The 8th Summit of BRICS has just concluded in Goa. As expected, India's main agenda was terrorism, a part of its strategy to isolate Pakistan after the the Pathankot and Uri terrorist attacks. Not surprisingly, therefore, bilateral meetings at the summit were with Russia and China.
While Russia recently conducted joint military exercises with Pakistan in the troubled region of Gilgit-Baltistan, China has long been a strong supporter of Pakistan, more so since the China-Pakistan Economic Corridor, which links China to the Gwadar port on the Persian Gulf, was rolled out. The corridor is part of China's One Belt One Road plan for South Asia, under which it has also initiated a $20 billion road infrastructure plan in Bangladesh. There are no indications China will seriously back India in isolating Pakistan. This begs the question: what are the motives of these key members of BRICS, and are they mutually supportive?
First, though, a brief history of BRICS. The acronym was coined in 2001 by the Goldman Sachs economist Jim O'Neil. It was seen as a strong economic bloc that would rival the OECD bloc of developed countries. After the 2008 recession, BRICS assumed increased importance as an international political bloc. As the developing world challenged the hegemony of the developed countries at the IMF and the World Bank, BRICS proposed to set up the BRICS Development Bank as a lending agency for developing countries.
Eventually set up in 2013, the bank's objective was to provide Trade and Export Finance to member countries. China, of course, put up most of the seed capital. Other important institutional mechanisms were also set up, such as a Centre for Agricultural Cooperative Research. So the agenda of BRICS was primarily economic.
But how sustainable is BRICS as an economic grouping? Frankly, not very. In 2001, the economic reality was the phenomenal expansion in trade among emerging countries over the previous decade, and until the recession in 2008. To take but one number, trade among the BRICS members as a share of their trade with the rest of the world increased from about 6% in 1995 to about 14% in 2007.Intra-BRICS exports rose 4 to 6 times for each of the five countries. But the optimism was short-lived. By 2013 or so, this share of trade had shrunk back to around 10%. The reasons are well known. Intra-BRICS trade was driven entirely by China's appetite for raw materials like iron ore in the build-up to the 2008 Olympics. In fact, detailed commodity-wise trade analysis for the period 1995-2007 indicates that the trade boom was mainly in exports of natural resources like metals, cotton and oils from the rest of the members to China. The technological imbalance showed in that China's exports to the rest were in high and medium tech items. Post Olympics, this artificial build-up of metal trade vanished. India is now stuck with a huge trade deficit of around $50 billion with China, which is clearly not sustainable in the long run.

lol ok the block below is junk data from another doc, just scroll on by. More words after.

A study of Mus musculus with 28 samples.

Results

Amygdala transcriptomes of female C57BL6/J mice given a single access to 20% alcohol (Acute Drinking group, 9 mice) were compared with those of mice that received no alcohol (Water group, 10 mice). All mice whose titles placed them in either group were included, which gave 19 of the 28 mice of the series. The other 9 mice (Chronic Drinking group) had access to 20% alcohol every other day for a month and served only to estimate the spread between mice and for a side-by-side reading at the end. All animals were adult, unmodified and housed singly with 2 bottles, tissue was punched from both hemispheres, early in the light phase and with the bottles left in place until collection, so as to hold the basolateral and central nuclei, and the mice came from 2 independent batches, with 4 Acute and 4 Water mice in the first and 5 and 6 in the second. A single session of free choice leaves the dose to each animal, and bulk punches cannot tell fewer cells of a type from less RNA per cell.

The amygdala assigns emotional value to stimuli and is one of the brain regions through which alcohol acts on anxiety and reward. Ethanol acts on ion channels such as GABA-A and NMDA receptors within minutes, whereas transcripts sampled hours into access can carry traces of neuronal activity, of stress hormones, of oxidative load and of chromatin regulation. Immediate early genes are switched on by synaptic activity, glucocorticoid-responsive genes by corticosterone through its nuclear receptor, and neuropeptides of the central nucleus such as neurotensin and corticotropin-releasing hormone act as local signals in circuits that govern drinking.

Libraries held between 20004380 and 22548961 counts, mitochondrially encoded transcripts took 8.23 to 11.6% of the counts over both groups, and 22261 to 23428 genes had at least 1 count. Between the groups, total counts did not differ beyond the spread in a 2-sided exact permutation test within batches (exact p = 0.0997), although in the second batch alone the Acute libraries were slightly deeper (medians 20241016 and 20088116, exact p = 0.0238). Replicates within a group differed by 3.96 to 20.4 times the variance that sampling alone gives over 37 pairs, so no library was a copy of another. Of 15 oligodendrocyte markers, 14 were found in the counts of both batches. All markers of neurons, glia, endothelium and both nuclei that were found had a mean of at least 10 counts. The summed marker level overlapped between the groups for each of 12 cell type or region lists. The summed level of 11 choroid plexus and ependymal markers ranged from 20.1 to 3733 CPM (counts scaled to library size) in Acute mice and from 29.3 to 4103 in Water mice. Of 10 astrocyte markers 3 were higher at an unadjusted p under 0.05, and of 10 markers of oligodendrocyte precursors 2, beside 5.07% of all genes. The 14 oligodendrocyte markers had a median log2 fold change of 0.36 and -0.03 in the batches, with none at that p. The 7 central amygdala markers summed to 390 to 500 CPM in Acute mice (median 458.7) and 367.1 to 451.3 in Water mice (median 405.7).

Another feature of trade indicates that BRICS is not a sustainable economic bloc. In general, growing bilateral and multilateral trade is accompanied by growth in Foreign Direct Investment. In fact, it is FDI which normally drives trade on both the export and import side.
Consider the pattern in BRICS even during the heady days from 2000 to 2007. While the emerging BRICS economies were becoming major sources of FDI, their money wasn't going towards fellow members. South Africa's was mainly going to countries in Latin America, Russia's to the CIS and Europe, India's to UK and the US, and China's to Latin America and Africa. The motivations were different. For China, the main motive was resource seeking while for the others it was export promotion. BRICS, in any case, was low on the agenda.
Now, too, the motivation for each is different. For China, the objective is pump-priming a failing economy via infrastructure construction in other countries, which it will attempt to finance through the BRICS bank. For India, the political objective is more critical. For the other members, other trade partners are more important, with the exception of Russia-India trade, which is important but does not need BRICS.
The Goa summit made it clear that the motivations of China and Russia are purely economic: the issue of Chinese FDI into India is neccesitated by the huge trade deficit India runs.
But this is a bilateral issue that does not require a BRICS mandate. Similarly, Russian sale of helicopters and missiles is not much different from the historical purchases by India.
As for India's political motive of isolating Pakistan, it has been only tangentially addressed.
Clearly, BRICS isn't really a viable multi-country economic grouping. Can it then remain a viable political body in the international arena?